The Trump administration has bought cell phone location data that maps the movements of millions of cellphones in America and is using it to monitor the border.
The Wall Street Journal revealed on Friday that the government has been buying access to information gathered by Venntel, a Virginia-based company.
Venntel buys it first from private marketing companies who buy it from apps which have been granted access to a person’s location services on their phone. Then, it sells it on – mostly to advertisers – but also branches of government.
It gets the information from apps which people have allowed to access their locations.
The Journal cited unnamed government officials who said the government was buying the data like any other commercial customer, but was then using it to track migrants along the border.
Specifically, they have looked for patches of desert or land that would ordinarily be deserted to try to hone in on people sneaking into the country.
In some cases, it had led to arrests, the officials warned.
It was also what led federal agents to find a drug smuggling tunnel leading into a KFC in Arizona last year.
Officials claimed at the time that a routine traffic stop led them to make the arrest of the KFC’s owner, Ivan Lopez.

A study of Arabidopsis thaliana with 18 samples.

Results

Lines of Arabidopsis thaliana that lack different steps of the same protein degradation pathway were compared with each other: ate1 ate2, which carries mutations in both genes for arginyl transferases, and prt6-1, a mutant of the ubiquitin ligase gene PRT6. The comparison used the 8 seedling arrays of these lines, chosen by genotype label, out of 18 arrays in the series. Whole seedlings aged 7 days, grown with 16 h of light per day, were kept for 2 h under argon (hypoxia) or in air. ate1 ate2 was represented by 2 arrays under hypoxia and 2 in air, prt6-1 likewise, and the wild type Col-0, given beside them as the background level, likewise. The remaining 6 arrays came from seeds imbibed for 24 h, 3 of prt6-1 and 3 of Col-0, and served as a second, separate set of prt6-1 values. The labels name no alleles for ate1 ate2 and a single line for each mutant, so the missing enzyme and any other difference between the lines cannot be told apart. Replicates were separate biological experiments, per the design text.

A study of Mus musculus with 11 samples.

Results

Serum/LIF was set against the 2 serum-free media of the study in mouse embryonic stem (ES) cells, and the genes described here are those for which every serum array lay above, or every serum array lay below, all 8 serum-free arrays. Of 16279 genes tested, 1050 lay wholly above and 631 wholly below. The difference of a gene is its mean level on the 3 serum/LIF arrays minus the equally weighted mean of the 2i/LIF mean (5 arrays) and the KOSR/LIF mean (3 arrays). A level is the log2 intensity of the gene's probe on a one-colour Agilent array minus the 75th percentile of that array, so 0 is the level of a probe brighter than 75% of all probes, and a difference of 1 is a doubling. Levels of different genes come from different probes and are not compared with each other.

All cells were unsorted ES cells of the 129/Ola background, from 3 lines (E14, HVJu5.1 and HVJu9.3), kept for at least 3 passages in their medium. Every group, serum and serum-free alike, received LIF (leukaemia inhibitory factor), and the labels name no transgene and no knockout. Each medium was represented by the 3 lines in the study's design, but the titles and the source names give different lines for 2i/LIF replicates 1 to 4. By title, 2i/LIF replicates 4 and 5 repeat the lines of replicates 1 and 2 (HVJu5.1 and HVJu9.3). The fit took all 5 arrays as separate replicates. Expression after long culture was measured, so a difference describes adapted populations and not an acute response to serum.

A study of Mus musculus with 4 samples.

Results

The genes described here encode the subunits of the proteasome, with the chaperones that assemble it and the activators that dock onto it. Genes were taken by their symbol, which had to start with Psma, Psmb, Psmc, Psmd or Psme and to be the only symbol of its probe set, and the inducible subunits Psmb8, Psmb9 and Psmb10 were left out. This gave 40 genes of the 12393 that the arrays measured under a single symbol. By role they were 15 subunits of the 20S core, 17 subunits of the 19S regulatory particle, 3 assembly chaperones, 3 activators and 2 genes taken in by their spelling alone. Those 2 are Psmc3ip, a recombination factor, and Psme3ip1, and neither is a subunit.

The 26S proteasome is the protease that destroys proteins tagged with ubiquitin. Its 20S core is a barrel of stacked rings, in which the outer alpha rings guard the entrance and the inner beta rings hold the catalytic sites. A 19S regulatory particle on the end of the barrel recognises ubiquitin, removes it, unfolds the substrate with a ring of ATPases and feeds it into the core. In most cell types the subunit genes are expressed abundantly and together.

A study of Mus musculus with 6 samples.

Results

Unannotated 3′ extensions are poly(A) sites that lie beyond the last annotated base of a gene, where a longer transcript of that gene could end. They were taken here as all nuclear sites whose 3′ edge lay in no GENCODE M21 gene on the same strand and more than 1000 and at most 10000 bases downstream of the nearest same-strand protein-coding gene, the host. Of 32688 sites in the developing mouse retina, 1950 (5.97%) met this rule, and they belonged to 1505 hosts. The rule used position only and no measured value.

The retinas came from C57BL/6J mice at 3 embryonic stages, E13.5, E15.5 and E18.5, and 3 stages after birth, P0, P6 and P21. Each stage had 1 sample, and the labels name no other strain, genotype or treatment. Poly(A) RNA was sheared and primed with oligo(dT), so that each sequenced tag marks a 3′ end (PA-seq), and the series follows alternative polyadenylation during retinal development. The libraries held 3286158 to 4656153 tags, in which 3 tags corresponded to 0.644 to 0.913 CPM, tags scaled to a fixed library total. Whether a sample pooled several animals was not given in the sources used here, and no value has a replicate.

The government last year spent $1.1million on three subscriptions including to one with Venntel.
Venntel bought the data from marketing companies and ordinarily, it sells it to advertisers.
The government, in essence, is no different to those customers, the officials said.
On its website, it says it ‘supports our national interests through technological innovation, data reliability and proven results.
The website also says that Venntel says it offers defense-intelligence and national-security services.
The revelation that the government is buying the data is unsettling for those who celebrated a 2018 Supreme Court ruling that prevents officials from getting the data directly from the cell phone companies without a court ruling.
That ruling was based on the Carpenter vs United States case.
The Supreme Court ruled that the data revealed so much about the way Americans live their lives that it ought to be protected.
Critics say the act of buying the information rather than extracting it from the companies themselves is ‘creepy’ and encroaching on the privacy of millions.
‘This is a classic situation where creeping commercial surveillance in the private sector is now bleeding directly over into government,’ said Alan Butler, general counsel of the Electronic Privacy Information Center, said.
Neither the government nor Venntel would comment specifically on the purchasing of the data.
‘While CBP is being provided access to location information, it is important to note that such information doesn’t include cellular phone tower data, is not ingested in bulk and doesn’t include the individual user’s identity,’ a spokesman said.